Lady Elsie Robson on Bobby, £12m in 10 years, and stepping out of the shadows
- Credit: Archant
‘It meant such a lot to Bob to be able to give something back,’ she says, as his charity foundation celebrates birthday
A week after Sir Bobby Robson died, his widow, Lady Elsie Robson, made a decision. She had spent her entire married life “standing back” because that was how she preferred things.
Few people recognised her.
She could go about her life quietly.
While her husband became the most famous football man in the world, she worked as a school teacher, then ran her own dress shop.
But with Sir Bobby’s death, that was about to change.
“She knew what that meant: that she would have to do the one thing she had always tried to avoid – being more in the public eye – but she did it anyway.”
Tomorrow, the foundation celebrates its 10-year anniversary.
It was begun in 2008 by Lady Elsie and Sir Bobby 16 months before his death, after they were approached by Professor Ruth Plummer while Sir Bobby was being treated for the cancer that had returned to plague him a fifth time.
Professor Plummer had asked if they might be able to help raise £500,000 to equip what became the Sir Bobby Robson Cancer Trials Centre at the Northern Centre for Cancer Care in Newcastle, and after a little while “thinking about it” they both embraced the cause. From the funds that poured in out of the widespread affection for Sir Bobby, the Sir Bobby Robson Foundation was born.
“It meant such a lot to Bob to be able to give something back,” Lady Elsie says. “We just began it and hoped for the best, but in the end the best was what we achieved.”
About £12million has been raised so far and the fundraising continues; not by professional fundraisers but entirely from the public who are continually inspired to help, in memory of loved ones lost to cancer, and because of their great respect and love for Newcastle’s – and of course Ipswich’s – favourite son.
Sir Bobby described the charity as “his last and greatest team” and the work the foundation does in his name brings hope: not only to those taking part in the trials, but also to those yet to come.
“Bob would be so proud today if he could see what has been achieved,” Lady Elsie said. “I think he would have said, ‘well done and carry on’ – and he would have picked us to play again next Saturday!”
Lady Elsie is 84 next birthday but carrying on is very much her plan.
She credits “the amazing team” around her, her three sons – Paul, Andrew and Mark – her four grandchildren and all those involved on the committee. But she takes no credit for herself.
I often wonder how it must be to be the wife of somebody so famous. Doesn’t she wish someone would ask about her for a change?
She looks at me, baffled. “I don’t think that way. Bob was the driving force of the foundation when we began it and he is still the driving force behind it now. His honesty and his humility were the great things about him that you think about and we still draw on that now.”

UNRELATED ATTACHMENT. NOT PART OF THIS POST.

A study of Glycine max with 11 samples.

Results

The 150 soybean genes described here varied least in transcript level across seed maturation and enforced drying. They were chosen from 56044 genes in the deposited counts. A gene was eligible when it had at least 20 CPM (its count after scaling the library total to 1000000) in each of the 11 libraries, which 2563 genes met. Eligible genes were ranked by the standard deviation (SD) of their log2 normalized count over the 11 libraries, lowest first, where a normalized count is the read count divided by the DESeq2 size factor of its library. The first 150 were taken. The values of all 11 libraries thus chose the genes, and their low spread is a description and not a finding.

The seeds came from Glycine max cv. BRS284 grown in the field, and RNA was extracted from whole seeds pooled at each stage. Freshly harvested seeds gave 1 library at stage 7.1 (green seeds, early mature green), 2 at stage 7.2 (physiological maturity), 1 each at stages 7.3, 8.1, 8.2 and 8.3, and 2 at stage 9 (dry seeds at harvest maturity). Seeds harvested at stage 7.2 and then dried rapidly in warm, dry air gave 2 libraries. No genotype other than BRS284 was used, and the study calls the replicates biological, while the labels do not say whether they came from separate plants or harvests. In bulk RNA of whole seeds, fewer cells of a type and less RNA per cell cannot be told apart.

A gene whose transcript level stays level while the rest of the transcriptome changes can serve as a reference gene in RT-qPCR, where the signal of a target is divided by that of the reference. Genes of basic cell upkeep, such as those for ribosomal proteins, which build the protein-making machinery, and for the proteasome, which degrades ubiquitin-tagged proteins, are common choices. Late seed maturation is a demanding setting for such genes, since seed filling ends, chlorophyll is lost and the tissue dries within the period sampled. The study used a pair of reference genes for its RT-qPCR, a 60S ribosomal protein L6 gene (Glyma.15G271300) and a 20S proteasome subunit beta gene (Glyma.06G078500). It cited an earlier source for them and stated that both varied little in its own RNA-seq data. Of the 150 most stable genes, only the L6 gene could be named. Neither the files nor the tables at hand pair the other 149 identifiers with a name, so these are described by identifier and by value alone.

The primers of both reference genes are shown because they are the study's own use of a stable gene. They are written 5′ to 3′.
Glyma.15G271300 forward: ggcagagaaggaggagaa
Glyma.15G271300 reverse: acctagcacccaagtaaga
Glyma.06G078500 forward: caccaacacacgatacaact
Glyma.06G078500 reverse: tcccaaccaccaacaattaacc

Lady Elsie has great affection for Ipswich, where the Robsons kept a home for many years. She still visits friends here and returns for foundation events.
While here, she worked as a primary school teacher at Chantry Infants and Juniors and also at St Mark’s, where they still present the Lady Elsie Robson Cup for football – a fact she has mentioned to me before, because it clearly makes her very proud.
I was surprised to learn that while Sir Bobby was England manager, she had opened a dress shop in Eagle Street, called Zeta Robson (Zeta is one of her middle names).
“I always tried to make a life for myself,” she said. “It’s important. I thought I might help Bob more when he was England manager but there wasn’t really a role for the England manager’s wife so I started the shop.
“A football manager is away a lot. It wasn’t like being married to a businessman. I always stayed in the background; that was the way I wanted to live my life.”
Wherever the Robsons went in the world – Liz Luff estimates that they moved house around 27 times – Lady Elsie never sat back.
The ubiquitous image of the pampered football wife couldn’t be further from the truth.
She even worked as a teacher at an English school in Portugal, where she made “great friends I loved”.
Now, in widowhood, which was “very hard to come to terms with but he wouldn’t want me to be sad”, it is her friends and family who sustain her, along with her tireless work for the foundation.
She is still no fan of the limelight but says she doesn’t mind interviews as much as she used to.
“Maybe I’ve matured?” she wonders, smiling.
Sir Bobby’s legacy is a great one. “He achieved so much,” says Lady Elsie with pride.
But there was also a woman beside him who never took a second of the credit, never expected anything for herself, got on with it, made her own life, and achieved a great deal in her own right.
Any Ipswich fan would be proud to support the work of the foundation in memory of Sir Bobby.
How about we do it for Lady Elsie, too?
A new film, Bobby Robson: More Than A Manager, to commemorate the 10th anniversary of the foundation and featuring contributions from, among others, Gary Lineker, Alan Shearer, Lady Elsie, Mark Robson and Sir Alex Ferguson, is being released in May.